Michael Otto heads Germany's second-richest family. But he hasn't let that get to his head. He took his father's successful mail-order business and turned it into a global player.
Checking out the latest offerings in the Otto catalogue
Supermodels Heidi Klum and Claudia Schiffer have graced his famous mail-order catalogue -- the shiny, ultra-successful symbol of Michael Otto's company.
But it's his quiet, strategic investments in everything from US homeware chains to tech companies that have transformed his father's eponymous company into a worldwide player. Otto is the world's biggest mail-order business, with sales of $17.5 billion (14.9 billion euros) in the last fiscal year. The man himself is worth $8.3 billion, according to Forbes magazine.
Their online business is second only to Amazon.com, with sales of 2.8 billion euros the first half of this year, an increase over the same period last year.
Supermodels regularly grace the covers of his catalogues
"The increase will continue for the rest of the year," Otto said at a press conference at the end of October.
WWII origi n s
Not bad for a company that began business in the country's darkest years. When Otto was a boy, father Werner Otto took the whole family and fled westwards from their home in East Prussia, joining the tens of thousands of German expellees at the end of WWII.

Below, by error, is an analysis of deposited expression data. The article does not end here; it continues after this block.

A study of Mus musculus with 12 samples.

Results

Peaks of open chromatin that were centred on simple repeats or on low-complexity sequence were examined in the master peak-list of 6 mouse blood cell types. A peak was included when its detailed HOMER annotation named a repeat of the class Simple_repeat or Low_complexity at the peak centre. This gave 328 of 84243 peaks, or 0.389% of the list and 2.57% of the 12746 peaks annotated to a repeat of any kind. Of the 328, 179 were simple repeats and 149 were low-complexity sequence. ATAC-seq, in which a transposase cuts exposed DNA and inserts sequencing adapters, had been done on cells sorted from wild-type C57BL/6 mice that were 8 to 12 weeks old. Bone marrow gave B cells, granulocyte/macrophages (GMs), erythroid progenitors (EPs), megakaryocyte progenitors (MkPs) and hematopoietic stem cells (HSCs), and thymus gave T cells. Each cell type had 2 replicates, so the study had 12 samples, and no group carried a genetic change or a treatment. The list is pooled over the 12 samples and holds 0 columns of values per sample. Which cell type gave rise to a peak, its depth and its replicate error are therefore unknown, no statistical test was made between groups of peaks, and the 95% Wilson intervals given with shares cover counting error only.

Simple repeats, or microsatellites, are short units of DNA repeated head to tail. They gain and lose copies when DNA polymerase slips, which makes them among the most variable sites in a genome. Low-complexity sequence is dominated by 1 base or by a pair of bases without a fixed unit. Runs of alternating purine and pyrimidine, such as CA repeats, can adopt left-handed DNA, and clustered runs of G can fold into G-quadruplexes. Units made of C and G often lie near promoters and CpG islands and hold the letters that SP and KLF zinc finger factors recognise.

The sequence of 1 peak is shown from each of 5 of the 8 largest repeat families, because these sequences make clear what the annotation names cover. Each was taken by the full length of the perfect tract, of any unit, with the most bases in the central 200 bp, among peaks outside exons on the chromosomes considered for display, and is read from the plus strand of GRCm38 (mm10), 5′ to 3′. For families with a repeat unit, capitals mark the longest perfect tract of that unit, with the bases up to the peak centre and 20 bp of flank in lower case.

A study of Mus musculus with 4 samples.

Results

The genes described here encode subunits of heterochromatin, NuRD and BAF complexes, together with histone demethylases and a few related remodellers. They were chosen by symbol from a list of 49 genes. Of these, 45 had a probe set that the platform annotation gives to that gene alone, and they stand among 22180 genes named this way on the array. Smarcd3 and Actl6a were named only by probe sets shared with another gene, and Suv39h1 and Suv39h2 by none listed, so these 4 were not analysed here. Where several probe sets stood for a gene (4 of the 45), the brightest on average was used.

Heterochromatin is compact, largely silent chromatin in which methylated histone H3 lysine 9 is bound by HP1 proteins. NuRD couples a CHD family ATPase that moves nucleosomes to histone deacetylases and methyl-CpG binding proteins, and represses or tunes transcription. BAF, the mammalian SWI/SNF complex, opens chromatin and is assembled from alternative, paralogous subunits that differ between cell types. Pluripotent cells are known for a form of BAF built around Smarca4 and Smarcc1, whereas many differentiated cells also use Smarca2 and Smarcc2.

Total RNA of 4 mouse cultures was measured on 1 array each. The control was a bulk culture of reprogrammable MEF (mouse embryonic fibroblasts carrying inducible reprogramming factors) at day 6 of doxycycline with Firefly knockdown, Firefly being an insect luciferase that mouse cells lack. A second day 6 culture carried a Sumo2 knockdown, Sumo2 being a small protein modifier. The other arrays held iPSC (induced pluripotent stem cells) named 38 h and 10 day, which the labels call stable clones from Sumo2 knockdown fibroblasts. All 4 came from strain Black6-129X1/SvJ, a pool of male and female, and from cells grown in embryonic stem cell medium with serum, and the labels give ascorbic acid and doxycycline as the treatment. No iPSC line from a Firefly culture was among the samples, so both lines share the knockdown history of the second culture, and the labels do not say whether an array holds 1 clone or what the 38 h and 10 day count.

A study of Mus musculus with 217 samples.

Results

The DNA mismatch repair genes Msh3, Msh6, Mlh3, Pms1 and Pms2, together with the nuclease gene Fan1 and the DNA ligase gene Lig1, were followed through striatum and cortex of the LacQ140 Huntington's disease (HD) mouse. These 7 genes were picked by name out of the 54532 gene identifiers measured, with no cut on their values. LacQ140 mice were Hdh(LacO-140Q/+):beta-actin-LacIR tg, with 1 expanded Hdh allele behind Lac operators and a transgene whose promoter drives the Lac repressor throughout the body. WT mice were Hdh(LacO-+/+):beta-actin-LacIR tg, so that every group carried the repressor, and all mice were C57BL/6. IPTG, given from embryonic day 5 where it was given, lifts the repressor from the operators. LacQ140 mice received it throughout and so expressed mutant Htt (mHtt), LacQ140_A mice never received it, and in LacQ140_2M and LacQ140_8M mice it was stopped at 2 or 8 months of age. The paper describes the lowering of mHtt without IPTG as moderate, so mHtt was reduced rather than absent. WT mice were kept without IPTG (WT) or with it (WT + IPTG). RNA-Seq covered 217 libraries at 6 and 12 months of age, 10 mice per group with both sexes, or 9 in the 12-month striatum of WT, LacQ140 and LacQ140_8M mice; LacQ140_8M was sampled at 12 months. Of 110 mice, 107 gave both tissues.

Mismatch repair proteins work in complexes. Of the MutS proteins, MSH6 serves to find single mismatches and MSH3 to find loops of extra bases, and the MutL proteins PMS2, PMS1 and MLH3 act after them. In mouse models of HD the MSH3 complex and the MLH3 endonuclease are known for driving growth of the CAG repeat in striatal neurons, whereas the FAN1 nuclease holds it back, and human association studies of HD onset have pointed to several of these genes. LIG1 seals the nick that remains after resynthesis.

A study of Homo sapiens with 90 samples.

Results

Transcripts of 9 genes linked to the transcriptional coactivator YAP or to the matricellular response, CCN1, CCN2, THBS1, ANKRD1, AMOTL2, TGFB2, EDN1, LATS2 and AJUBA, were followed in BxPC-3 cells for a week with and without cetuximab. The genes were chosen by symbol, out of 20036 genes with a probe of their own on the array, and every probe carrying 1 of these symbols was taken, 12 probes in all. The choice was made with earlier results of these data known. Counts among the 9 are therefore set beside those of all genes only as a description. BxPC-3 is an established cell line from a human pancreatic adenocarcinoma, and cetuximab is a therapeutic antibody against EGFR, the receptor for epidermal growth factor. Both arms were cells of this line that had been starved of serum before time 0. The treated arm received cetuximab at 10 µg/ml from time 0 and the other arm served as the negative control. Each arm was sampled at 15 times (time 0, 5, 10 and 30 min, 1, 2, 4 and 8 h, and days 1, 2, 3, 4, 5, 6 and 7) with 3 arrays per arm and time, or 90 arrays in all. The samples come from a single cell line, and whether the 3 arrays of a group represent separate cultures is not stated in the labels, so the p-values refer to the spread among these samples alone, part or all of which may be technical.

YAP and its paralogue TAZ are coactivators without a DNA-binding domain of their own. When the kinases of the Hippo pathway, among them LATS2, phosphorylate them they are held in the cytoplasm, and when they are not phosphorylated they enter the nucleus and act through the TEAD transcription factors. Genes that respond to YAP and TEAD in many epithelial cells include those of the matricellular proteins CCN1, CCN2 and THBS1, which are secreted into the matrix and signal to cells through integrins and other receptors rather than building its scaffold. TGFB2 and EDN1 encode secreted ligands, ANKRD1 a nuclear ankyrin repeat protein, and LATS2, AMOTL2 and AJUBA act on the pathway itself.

His father first built up a shoe factory enjoying success in the mail-order business. The first catalogue in 1950 was a humbled 14 pages featuring 28 pairs of shoes.
"He may not have known it then, but he created what became Germany's biggest mail order business," said Wolfgang Ischinger, Germany's ambassador to the United States, at a recent dinner honoring Michael Otto.
By the time Michael Otto took over in 1981, the company boasted 5.5 million deutsche marks ($3.2 million) in sales.
Global expa n sio n
Usually Otto has people helping him put together customer orders
Michael Otto, who had also begun building up a real estate empire, launched his company's venture into the American market. In 1981, he bought up 80 percent of Spiegel Inc, the fourth-largest mail-order business in the US that included Eddie Bauer. Over the next decade he continued to expand his channels of distribution, buying majority shares in companies from Italy to the Far East.
In 1998 he added the American home furnishings company Crate & Barrel to his company's roster. In the near future, Otto plans to bring Crate & Barrel, of which his company owns 79 percent, over to Germany and Britain.
Most of his major decisions are reached after team consultation. Otto prefers to mix it up with his employees, playing volleyball with them almost every Monday night and giving time to the work groups charged with thinking up new strategies.
When he takes vacation, it's often for weeks at a time -- the way he delegates authority allows it. It also gives him more time for his social engagements. He's a passionate art collector as well a strident environmentalist. His company is eco-friendly, managing to cut its CO2 consumption by 45 percent.
His social engagement extends to the firm's 55,000 employees.
"I think that a manager doesn't shine as a result of how many people he fires, but how many he hires," he said.
It's the kind of line sure to endear him not only to Germany's troubled political elite, but the rest of the country as well.